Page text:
13088 Players currently online!
Man vs. Machine - good luck!
Turn-based games at any time!
Vote for the best move to win!
Do you have what it takes?
Sharpen your tactical vision!
Get advice and game insights!
Learn from top players & pros!
View millions of master games!
Your virtual chess coach!
Perfect your opening moves!
Test your skills vs. computer!
Find the right private coach!
Can you solve it each day?
Bring it all together!
Beginners, start here!
Make friends & play team games!
News from the world of chess!
Search all Chess.com members!
Find local clubs & events!
Who's the best of your friends?
Read what members are saying!
As I'm just starting to play chess, I was wondering what are the top tips which long-time players of chess can give?
Any golden nuggets of wisdom?
The easiest piece of advice:
When you decide upon a move, before playing it ... ensure that ALL of your opponent's (forcing moves) in response to your move, i.e.
can be MET by you safely via careful anaylsis, as opposed to *HOPING* you can deal with it later (after he moves!).
If there's something he can play that you can't meet safely, your intended move is clearly wrong ... come up with something else to play.
The vast majority of chess players out there simply ignore this out of cluelessness or arrogantly think "of course I do this" even though they don't do it consistently on EVERY move.
If you ever wondered what separates the strong players from the weak ones, the thought process above would be one of the big differentiators.
The quickest and most boring way to improve a lot is to play and study rook endgames.
1. At the very least, familiarize yourself with the basic principles of the most elementary tactics. Forks, pins, skewers, etc. You don't need to be a tactical monster, able to see four and five moves deep. Just notice the obvious one and two movers.
2. Once #1 is achieved, apply it to your opponent's moves, too, and try real hard not to blunder anything.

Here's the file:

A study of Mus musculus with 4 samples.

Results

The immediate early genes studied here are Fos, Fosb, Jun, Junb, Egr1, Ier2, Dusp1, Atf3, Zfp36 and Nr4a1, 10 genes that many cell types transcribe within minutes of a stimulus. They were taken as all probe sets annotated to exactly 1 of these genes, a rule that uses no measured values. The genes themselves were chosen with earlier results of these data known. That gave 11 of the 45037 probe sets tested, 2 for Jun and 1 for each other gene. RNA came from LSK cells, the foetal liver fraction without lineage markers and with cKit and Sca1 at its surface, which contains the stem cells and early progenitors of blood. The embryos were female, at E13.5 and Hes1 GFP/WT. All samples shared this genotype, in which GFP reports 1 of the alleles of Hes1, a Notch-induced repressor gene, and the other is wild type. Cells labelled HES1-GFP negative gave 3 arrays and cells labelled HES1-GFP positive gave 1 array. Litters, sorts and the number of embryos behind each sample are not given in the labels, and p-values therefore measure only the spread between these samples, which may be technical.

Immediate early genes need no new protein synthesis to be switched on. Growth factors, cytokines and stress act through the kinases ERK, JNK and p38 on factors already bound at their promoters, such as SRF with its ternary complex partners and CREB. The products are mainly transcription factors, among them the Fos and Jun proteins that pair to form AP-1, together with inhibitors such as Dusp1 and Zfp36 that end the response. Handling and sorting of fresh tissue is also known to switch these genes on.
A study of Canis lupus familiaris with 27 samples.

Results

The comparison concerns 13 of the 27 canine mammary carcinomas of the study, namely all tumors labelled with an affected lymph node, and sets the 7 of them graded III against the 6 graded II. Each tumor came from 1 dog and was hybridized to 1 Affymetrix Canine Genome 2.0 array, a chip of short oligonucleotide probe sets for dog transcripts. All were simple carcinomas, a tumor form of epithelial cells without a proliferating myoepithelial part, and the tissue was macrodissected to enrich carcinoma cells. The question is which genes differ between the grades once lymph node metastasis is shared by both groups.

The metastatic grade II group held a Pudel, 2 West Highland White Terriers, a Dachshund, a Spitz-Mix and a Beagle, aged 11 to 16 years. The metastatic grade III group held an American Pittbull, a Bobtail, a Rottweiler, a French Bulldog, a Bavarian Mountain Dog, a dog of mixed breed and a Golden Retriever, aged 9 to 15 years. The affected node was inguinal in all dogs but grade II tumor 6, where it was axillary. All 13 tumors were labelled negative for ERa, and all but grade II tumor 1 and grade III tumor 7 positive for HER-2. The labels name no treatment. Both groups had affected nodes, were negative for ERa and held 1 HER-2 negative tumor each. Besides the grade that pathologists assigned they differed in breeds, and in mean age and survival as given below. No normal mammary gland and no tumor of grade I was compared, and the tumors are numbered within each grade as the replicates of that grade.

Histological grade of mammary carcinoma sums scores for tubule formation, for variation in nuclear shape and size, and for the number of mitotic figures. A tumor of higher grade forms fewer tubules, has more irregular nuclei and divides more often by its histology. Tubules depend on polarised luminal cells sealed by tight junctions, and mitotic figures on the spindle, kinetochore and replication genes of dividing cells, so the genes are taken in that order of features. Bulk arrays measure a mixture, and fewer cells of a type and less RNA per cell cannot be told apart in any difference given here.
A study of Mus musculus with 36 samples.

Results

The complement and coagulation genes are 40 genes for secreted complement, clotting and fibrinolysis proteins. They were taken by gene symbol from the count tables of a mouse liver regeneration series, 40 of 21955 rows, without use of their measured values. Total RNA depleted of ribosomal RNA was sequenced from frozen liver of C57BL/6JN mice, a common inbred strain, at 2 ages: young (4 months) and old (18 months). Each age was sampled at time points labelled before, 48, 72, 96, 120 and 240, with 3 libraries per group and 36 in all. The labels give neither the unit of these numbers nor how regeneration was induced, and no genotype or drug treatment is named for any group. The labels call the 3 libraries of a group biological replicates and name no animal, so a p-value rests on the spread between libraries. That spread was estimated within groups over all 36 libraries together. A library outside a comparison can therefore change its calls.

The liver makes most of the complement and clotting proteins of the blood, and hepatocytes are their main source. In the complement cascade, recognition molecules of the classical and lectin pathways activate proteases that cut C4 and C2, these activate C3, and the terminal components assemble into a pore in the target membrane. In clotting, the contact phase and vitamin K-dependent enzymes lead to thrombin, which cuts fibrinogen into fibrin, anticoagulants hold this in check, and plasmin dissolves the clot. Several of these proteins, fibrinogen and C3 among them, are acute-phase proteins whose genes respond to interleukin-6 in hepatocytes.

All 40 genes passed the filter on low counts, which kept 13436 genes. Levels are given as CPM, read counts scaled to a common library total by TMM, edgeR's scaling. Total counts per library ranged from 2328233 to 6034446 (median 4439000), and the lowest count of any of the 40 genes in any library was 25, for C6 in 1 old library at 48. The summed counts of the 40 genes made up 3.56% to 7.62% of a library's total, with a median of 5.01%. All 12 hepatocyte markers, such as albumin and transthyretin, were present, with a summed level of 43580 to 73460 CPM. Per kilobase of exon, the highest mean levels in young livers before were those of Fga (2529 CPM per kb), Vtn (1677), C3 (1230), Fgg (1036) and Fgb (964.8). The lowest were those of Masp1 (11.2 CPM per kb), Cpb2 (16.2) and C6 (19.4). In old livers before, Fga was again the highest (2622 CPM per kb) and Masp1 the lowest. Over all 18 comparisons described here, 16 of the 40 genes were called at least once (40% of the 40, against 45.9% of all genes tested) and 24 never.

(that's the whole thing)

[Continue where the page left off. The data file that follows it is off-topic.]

Get that stuff right, and you'll be really hard to beat for anyone without a title before their name.
Study tactics. Plain and simple. Find a nice tactics server that you like and practice regularly.
When faced with a threat remember there are 5 ways to deal with something....Move, Capture, Support, Block and Utterly Ignore. The last one is seldom good.
I am definitely liking all these tips! I created this post so that not only I can benefit, but others too! Keep the tips coming is what I say, the more the merrier!
One tip i'd put up as a beginner to other beginners is not to get carried away studying a variety of openings and defenses! Just play a bunch of games and develop your own style, and then get into the nitty gritty, otherwise like i've done before, you'll follow an opening so far and then just get lost and fumble your way through the rest of the game!
How do you apply the Socratic Method in chess?
by TheGoalkeeper 8 minutes ago
I am done with chess.com
by TheGoalkeeper 9 minutes ago
Post your best miniatures here
by TheGoalkeeper 10 minutes ago
If Fischer would played Karpov for the World Champion, who would win?
by TheGoalkeeper 11 minutes ago
by TheGoalkeeper 12 minutes ago
what's the main difference between a 1300 and a 1800 player?
by TheGoalkeeper 15 minutes ago
10/20/2014 - Anand - Radjabov, Linares 2009 Analysis
by TheGoalkeeper 25 minutes ago
Who's your fav in the Top Ten?
by Joker-Jamal 40 minutes ago
Aquinas Quick and Blitz 10/18/2014
by eugeniusjr 46 minutes ago
Where should Black develop his dark-squared bishop in the c4 Dutch?
by TwoMove 54 minutes ago
Why Join | Chess Topics |
Help & Support |
© 2014 Chess.com
• Chess - English
We are working hard to make Chess.com available in over 70 languages. Check back over the year as we develop the technology to add more, and we will try our best to notify you when your language is ready for translating!